The Sonoma County housing market has an average housing price of $648,000. Housing prices in Sonoma County are indeed expensive. Following is what you need to know if you plan to buy a house in Sonoma County in the current market…
1. You don’t have a down payment or any access to cash. In a competitive offer situation, the seller of the property is going to look at the offer that looks the strongest on paper. In such a scenario, you might be going up against a buyer or two who are putting down 20 percent or more. In order of priority the seller would probably look at the all-cash offer first (if there is one), then look at each offer with financing based on the amount of down payment. Unless you are using VA financing, going in with a mortgage loan program such as down payment assistance, Calhafa or USDA, it is going to be very difficult purchasing a property that is listed on the open market. While these programs are options you qualify for, you want to come in with cash such as a 3.5 percent down FHA loan or a 5 percent down conventional loan if possible to even the odds and increase your chances of getting into contract.
2. The disparity between what you want and what you can get for the price is too large based on your expectations. For example, let’s say you’re working with little down payment and you’re looking to purchase a piece of land to build and construct a dream home. Sounds like a great idea, however, in practicality most banks will not finance such a purchase without at least a 30 percent down.
Let’s say you’re looking to purchase a single-family home, you’re qualified up to $700,000 but “it’s not the right house.” This is representative of two things either your expectations are so high that you cannot budge, and interest rates and housing prices will move away from you or your expectations need to be adjusted in alignment with what the market supports.
3. You’re working on getting your credit score up. Let’s say that you can qualify for a house and a payment that you can afford and that you can handle however, let’s say your credit score is being pulled down due to consumer debts such as credit card balances. If you’re looking at a FHA loan and your credit score is anywhere from 666-700, getting your credit score up for example is not going to make much difference as you would still be in an FHA loan, especially if you’re working with a little down payment. Put it another way, your energy may be better focused in buying a home which would make your credit score go up. Then look to the future for prudently doing a cash out refinance to get rid of consumer debts lowering your other fixed costs in the process.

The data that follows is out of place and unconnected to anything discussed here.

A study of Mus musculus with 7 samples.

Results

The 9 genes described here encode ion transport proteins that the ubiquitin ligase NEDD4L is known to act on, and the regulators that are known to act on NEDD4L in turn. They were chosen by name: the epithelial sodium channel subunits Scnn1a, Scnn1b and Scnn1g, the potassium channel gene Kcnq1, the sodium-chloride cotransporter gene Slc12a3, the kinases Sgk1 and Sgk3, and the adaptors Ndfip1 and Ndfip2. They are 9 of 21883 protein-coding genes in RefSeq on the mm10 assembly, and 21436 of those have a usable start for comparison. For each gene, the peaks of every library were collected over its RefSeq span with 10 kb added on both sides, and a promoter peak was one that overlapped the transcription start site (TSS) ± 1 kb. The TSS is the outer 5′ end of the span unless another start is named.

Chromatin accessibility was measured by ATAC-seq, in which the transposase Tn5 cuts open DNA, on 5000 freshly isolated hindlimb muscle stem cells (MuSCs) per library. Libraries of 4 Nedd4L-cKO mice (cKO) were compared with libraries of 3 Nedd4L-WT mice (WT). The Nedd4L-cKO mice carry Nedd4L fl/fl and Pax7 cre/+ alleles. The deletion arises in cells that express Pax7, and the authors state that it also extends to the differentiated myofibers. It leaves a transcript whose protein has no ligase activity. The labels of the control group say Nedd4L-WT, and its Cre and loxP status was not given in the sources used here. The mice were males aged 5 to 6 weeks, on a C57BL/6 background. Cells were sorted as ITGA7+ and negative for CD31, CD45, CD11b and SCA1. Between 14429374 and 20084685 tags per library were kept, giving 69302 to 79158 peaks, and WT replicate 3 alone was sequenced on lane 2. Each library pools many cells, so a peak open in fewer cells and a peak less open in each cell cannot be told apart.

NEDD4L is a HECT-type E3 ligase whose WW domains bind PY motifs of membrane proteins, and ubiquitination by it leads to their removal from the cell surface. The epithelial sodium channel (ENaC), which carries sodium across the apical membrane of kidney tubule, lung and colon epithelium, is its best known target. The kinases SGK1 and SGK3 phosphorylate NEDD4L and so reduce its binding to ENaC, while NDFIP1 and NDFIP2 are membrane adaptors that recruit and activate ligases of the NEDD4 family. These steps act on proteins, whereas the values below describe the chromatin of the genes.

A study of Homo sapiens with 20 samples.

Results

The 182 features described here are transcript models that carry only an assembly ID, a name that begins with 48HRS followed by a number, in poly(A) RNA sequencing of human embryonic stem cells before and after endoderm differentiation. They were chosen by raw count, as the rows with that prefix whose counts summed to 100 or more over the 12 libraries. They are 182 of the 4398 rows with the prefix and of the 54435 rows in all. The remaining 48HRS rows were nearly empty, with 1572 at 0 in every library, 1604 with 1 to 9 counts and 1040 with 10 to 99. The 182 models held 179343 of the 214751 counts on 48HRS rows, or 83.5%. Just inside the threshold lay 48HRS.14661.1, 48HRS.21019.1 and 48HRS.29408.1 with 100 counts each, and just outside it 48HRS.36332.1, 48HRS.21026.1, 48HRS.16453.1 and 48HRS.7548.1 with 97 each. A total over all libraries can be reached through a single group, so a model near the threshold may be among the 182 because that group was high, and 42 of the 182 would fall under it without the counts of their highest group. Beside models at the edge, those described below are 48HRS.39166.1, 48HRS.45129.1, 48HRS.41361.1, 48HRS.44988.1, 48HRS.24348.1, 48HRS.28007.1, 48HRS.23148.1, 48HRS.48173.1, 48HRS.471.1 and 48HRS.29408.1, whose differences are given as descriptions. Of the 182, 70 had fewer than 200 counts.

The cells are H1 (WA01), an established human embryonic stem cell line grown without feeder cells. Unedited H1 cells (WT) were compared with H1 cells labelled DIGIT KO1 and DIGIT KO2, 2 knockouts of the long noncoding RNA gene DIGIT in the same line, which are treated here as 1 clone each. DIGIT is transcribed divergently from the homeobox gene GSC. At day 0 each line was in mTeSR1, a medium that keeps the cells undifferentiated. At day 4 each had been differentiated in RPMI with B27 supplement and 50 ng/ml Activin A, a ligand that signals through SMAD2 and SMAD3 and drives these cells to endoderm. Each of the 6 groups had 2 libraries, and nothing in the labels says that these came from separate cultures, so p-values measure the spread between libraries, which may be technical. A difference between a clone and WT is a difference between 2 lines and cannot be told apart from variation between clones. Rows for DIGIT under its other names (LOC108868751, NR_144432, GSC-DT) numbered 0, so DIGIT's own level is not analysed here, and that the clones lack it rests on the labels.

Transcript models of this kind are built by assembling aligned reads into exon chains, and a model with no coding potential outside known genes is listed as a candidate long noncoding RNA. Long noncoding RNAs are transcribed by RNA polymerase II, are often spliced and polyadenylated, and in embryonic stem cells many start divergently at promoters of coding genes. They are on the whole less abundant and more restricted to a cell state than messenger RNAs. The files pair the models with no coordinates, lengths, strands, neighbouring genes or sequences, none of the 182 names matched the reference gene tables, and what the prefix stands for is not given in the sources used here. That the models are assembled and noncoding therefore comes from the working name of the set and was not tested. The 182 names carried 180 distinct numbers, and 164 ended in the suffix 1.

4. The payments are too high. It stands to reason that you might be able to purchase a house with mortgage payment between $3,500 to $4,000 a month for principal interest, taxes and insurance. Let’s say for example that you have enough income to support such a house payment and along with a low debt to income, such as 34 percent. If the payments at $4,000 per month for example on a $750,000 house are 34 percent of your income and you are still uncomfortable with that payment, you should re-evaluate whether you want to purchase a house at all. The reason being is because a 34 percent debt to income ratio is an extremely low conservative number and is representative of the total mortgage payment with your other monthly abilities in comparison to your pre-tax income. In other words, the 34 percent debt to income ratio means that 66 percent of your total monthly income goes towards everything for the rest of your budget.
5. You are fixated on a single-family house only. For most home buyers, the goal would be to purchase a single-family house in a perfect situation. Not every home buyer and not every financial situation however is perfect. First time home buyers in many instances would be far better suited to purchase something a bit more within their means such as a condo rather than a single-family house right out of the gate especially if the income doesn’t support purchasing a $648,000 single family house. You can still purchase a condo in Sonoma County between $350,000 to $370,000 and have a bit more discretionary control of your income as it relates to a monthly budget. A condominium unit or in some cases a smaller-sized house is a great stepping stone to getting into the market and upgrading down the line in the future as your income and finances permit.